In the first of a series of pieces reviewing the past 12 months in the regional press, we look back at the takeover that didn’t happen, the launch of a new subscription-based sports website, and the regional publishers’ ambitious digital plans for 2020.
Consolidation has been the watchword in the regional press over recent years, with newspaper publishers coming together in ever-larger groups to take advantage of cost synergies and maximise digital reach.
But the much-anticipated move from a ‘big three’ to a ‘big two’ in regional media has yet to materialise with the long-running JPIMedia takeover saga set to stretch out into 2020.
The hedge funds who had taken control of JPI at the end of 2018 put it up for sale in the summer, but failed to tempt either of its fellow publishing giants Reach and Newsquest into concluding a deal for the business.
The impasse left David Montgomery – the man who created Local World from the old Northcliffe empire before selling it on to what it is now Reach – as the front-runner to pull off the sale, if only because he appears to be the last man standing.
Among the smaller local press groups, Iliffe Media continued its steady expansion by taking a stake in both Scottish Provincial Press and the Newbury Weekly News to add to its 2017 purchases of the KM Group and the old East of England division of Johnston Press.
And there was a change of leadership at Archant, with Jeff Henry stepping aside to allow Simon Bax to take on the role of executive chairman.
The spate of newspaper closures that has characterised the past few years slowed somewhat in 2019, but the year still saw a number of print titles hitting the newsstands for the last time, among them The Buteman, the Harlow Star, the Herts and Essex Observer and the Bucks Advertiser.
Other titles that passed into newspaper history included the Epworth Bells, one of ten JPIMedia titles axed at the end of June, and the Chorley Citizen, which closed as part of a round of pre-Christmas cutbacks at Newsquest.
Independent Scottish publisher Argyll Media swiftly launched the Isle of Bute News to replace The Buteman, but that aside, the focus of the year’s new launches was invariably in the digital arena.
In one of the year’s biggest and potentially most significant industry developments, US-owned subscription based sports website The Athletic launched a UK edition after poaching scores of top football writers – many of them from the regional press.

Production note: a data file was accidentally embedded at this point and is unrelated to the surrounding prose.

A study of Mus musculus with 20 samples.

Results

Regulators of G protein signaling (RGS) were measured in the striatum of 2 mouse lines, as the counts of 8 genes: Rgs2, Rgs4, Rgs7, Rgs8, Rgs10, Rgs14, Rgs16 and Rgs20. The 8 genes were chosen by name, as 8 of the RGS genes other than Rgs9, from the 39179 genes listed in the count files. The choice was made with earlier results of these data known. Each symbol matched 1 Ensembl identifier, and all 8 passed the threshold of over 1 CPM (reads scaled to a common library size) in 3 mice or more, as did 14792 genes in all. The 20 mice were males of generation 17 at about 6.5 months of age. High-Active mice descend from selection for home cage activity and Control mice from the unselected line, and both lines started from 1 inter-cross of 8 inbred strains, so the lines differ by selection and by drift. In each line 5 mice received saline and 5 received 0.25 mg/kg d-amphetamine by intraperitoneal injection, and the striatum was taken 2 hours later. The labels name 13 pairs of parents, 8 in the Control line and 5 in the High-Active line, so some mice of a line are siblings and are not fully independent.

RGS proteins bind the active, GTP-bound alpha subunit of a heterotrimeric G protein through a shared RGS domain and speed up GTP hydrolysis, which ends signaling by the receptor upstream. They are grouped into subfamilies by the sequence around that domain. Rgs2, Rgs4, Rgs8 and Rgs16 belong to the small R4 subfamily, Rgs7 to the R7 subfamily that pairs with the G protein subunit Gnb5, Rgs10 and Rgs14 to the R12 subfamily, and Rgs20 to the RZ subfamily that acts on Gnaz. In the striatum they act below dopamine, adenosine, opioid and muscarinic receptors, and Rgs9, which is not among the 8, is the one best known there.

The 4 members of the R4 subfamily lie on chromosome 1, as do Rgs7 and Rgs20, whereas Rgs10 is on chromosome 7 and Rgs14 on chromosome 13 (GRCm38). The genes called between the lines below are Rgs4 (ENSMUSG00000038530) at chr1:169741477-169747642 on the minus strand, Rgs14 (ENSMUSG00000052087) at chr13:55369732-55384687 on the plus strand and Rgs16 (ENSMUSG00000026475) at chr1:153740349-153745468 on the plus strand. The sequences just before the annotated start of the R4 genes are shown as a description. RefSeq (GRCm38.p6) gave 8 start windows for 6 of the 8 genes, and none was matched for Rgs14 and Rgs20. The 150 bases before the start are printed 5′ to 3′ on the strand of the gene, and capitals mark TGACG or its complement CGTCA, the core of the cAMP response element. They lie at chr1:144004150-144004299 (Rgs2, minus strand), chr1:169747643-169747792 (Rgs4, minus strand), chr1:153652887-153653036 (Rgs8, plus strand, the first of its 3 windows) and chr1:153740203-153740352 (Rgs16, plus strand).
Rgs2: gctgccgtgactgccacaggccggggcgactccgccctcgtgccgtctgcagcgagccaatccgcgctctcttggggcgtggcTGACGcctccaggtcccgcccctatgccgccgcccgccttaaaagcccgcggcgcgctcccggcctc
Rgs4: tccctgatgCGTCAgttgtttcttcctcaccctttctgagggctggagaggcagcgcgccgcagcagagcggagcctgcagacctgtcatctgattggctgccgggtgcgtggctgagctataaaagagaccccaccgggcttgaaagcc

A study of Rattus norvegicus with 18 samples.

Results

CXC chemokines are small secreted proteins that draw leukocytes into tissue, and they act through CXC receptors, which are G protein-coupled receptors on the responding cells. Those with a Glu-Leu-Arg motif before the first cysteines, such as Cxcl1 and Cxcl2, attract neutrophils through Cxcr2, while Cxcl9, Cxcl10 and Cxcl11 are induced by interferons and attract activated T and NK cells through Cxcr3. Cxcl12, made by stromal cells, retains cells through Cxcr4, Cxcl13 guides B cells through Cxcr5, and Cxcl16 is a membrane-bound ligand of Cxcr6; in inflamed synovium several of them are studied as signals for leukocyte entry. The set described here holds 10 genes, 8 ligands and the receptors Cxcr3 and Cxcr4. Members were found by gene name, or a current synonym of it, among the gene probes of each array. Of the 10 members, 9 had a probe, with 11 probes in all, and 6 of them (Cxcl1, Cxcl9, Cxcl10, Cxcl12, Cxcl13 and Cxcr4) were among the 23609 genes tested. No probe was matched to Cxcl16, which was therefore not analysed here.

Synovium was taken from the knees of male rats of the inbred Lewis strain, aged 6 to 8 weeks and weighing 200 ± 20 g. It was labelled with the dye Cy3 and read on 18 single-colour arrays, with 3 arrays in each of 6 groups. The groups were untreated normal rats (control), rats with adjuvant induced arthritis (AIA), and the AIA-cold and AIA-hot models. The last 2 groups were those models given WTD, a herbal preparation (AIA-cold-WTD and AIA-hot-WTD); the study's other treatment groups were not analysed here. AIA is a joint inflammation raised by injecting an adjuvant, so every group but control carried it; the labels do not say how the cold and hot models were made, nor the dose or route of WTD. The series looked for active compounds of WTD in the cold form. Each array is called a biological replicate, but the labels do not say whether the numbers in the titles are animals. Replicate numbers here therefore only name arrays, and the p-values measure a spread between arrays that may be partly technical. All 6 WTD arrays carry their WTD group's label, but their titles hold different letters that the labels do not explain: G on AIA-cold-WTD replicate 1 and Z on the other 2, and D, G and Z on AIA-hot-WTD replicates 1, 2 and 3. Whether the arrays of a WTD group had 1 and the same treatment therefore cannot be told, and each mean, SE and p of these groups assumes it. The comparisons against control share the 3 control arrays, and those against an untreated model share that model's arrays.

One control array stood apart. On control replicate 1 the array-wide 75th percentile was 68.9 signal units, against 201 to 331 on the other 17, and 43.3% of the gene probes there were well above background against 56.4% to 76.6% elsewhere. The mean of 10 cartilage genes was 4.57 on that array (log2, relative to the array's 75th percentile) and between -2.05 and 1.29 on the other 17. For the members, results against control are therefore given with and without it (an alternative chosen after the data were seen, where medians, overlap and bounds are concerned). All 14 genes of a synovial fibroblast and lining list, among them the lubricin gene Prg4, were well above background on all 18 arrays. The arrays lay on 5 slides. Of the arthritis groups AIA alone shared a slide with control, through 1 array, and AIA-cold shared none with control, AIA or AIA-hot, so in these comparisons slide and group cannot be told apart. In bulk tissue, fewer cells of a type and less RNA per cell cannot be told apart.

The year also saw various publishers experimenting with their own subscription models, with JPIMedia’s Sheffield Star, Reach’s Huddersfield Examiner and Newsquest’s Bradford Telegraph & Argus among the titles trying out partial online paywalls.
And towards the end of the year, both Reach and Newsquest unveiled plans for major digital expansions in 2020, with Reach set to launch seven new websites under its ‘Live’ brand in parts of the country traditionally served by other publishing groups.
But if the latter move opens up the prospect of a digital turf-war between the big groups, there was also a growing trend for publishers to co-operate on newspaper campaigns as they sought to maximise their influence with government.
The launch of the ‘Power up the North‘ campaign in June saw 33 JPIMedia, Newsquest and Reach titles across the North of England come together in a joint bid to tackle the North-South prosperity divide.
December’s General Election provided further scope for this united approach, with the three publishers launching a ‘manifesto for the North.’
It kicked off what was generally seen as a highly successful election campaign for local newspapers who led the way in exposing political propaganda dressed up as news and debunking social media claims of ‘fake news.’
One of the more unsavoury aspects of the year was the growing abuse of journalists on social media and, on occasions, in person, with the Examiner’s Susie Beever and Sussex Newspapers crime editor Michael Drummond among those in the firing line.
And as ever the year saw its share of departing editors, with the Nottingham Post’s Mike Sassi, Coventry Telegraph editor Keith Perry and the Yorkshire Evening Post’s Hannah Thaxter among the most high-profile.
The year ended with the industry garnering plaudits over its election coverage with the local press increasingly seen as the most trusted news source amid the blatant political partisanship of the national press and growing doubts over the impartiality of leading broadcasters.
The challenge, as ever, in 2020 will be turn the high level of trust that regional newsbrands undoubtedly continue to enjoy into the hard currency of increased digital revenues.